Summary: Great scenario. Lots of tactical decisions for both players. Nice to get a few tanks on table. Great game. We’d play it again. I won. Or perhaps Jamie did.
Jamie and I played a draft version of Cassinograd – A Crossfire Scenario based on Crossfiregrad. We played two games in a couple of hours. Jamie was the attacking Kiwis and I was the Fallshirmjaeger. This is the second game.
Summary: Great game. My larger regular force was much more resilient than the small veteran force I used in Game 2. Jamie captured the objective (the Post Office), but he literally did it as his clock counted down to zero. Very tense and exciting game.
Jamie and I played a draft version of Cassinograd – A Crossfire Scenario based on Crossfiregrad. We played two games in a couple of hours. Jamie was the attacking Kiwis and I was the Fallshirmjaeger. This is the first of our games, making the second Cassinograd game with Bruce Stewart’s being the first.
Summary: Okay game, but could have been better. I had a small veteran force. The smaller forced lacked resilience, despite the higher morale, and Jamie took the objective (Municipal Buildings) relatively easily.
Gunnery Sargent Rock (Bruce Stewart) played a couple of games of Crossfiregrad by Doctor Phalanx. However, he moved it from Stalingrad to the Italian Campaign with the Germans attacking 2 New Zealand Division (Kiwis) in Cassino town, I guess representing a local counter attack. Except where noted, all words and photos are by Bruce.
Jamie Wish and Chris Harrod played “The Swamp” (KB4R), the fourth game of Krasny Bor, featuring the Blue Division in an epic Crossfire campaign. The Spaniards were defending the second line – near the Leningrad-Moscow Railway line – against overwhelming odds.
Summary: I thought it would be over in 1 hour, but in an awesome David and Goliath contest Chris’s reinforced company of Spaniards held Jamie’s three battalions of Soviets for 2.5 hours of game time and 7.5 hours of real time. The Spanish defeated the first Soviet battalion but eventually the Soviets ground their way through the Blue Division lines. The time ratio, 2.5 hours of game time in 7.5 hours of real time, demonstrates how grindy it was – not for the faint hearted.
Jamie popped over for a game, and when it is just Jamie and me we try out something more experimental. Jamie wanted to play Crossfire and I wanted to try out my Crossfire Terrain Cards and some draft armour rules. I also wanted to get my 2 Division New Zealanders on table – “Kiwis” in New Zealand slang – and get the German paratroopers (Fallschirmjäger) out again. This was also the first outing for my Kiwi Armour.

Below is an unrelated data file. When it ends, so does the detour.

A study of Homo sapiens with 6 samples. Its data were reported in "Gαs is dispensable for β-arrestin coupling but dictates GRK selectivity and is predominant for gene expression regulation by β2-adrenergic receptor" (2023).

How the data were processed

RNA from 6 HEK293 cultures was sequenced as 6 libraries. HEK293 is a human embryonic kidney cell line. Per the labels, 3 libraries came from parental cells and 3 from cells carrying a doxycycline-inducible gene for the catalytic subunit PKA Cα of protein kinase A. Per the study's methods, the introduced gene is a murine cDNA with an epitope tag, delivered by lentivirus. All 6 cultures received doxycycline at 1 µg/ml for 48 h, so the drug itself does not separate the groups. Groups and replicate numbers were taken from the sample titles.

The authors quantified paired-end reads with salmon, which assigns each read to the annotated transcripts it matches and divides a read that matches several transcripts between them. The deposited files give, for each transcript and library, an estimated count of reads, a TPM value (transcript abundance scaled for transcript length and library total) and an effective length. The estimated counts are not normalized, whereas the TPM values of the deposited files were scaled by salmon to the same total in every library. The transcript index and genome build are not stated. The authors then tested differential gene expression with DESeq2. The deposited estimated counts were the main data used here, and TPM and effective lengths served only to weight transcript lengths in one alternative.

Summary: Great little game. Crossfire Terrain Cards worked well, and happy with the test drive of my armour mods.
I’ve been gearing up to pay Dung Farm from Hit the Dirt for a couple of years now. I posted my Balagan version of the Dung Farm a few weeks back and, as you might recall, the table has lots of Ravines, thorn fields and thorn thickets. It took me a while to collect this additional kit. Plus the Kiwis in Italy. But finally it all came together – scenario, terrain, and figures. And Chris, Jamie, and Adam turned up to play. This is, of course, Crossfire for the Italian Campaign.
Summary: Really good game. Interesting challenges from ravines and thorns. The British need to use the terrain to their advantage. Chris and I, as the Germans, won.
I use the Crossfire special rules from Hit the Dirt (HTD) a lot, but I’m conscious I haven’t played many of the scenarios. Recently I decided to rectify that, so when Chris and Adam came over last week I suggested they play Breakout at the Hinge, one of the HTD scenarios. This scenario is very unusual because it features a German breakout in 1941, at the height of Operational Barbarossa, when the perception is that it was the Soviets who were always the ones encircled.
Summary: Good game. Lots of terrain. Very asymmetric making it a serious challenge for both sides. Sparked lots of Observations.
Bruce Stewart played through his Lockdown Crossfire – Kiwis in Italy – A Crossfire Scenario twice and shared some narrative and photos from each. Bruce games with 1/56 figures and 1/48 – 1/50 vehicles.
Brett Simpson has played Mac’s Missions in the Pacific before, see Play Test of Mac Crossfire Missions in the Pacific. Recently he decided to give it another go.
Brett Simpson sent through another Crossfire Battle Report in the Pacific, this time a Bridgehead scenario at an Australian defended Marston Airfield. Marston was the type of portable matting that was used to make these airfields. The game feature’s Brett’s brand new Japanese Special Amphibious Landing Company (SNLF) and, of course, his new airfield feature. All words are Brett’s.
Jamie couldn’t make it to our regular meet up, so Adam brought along his fresh off the painting blocks figures for the Burma Campaign and I set up a pick up game that I thought would be interesting. Japanese Imperial Army and British 14th Army. Adam doesn’t yet have enough figures for Mac’s Missions in Burma, so this is a fairly small game in Crossfire terms.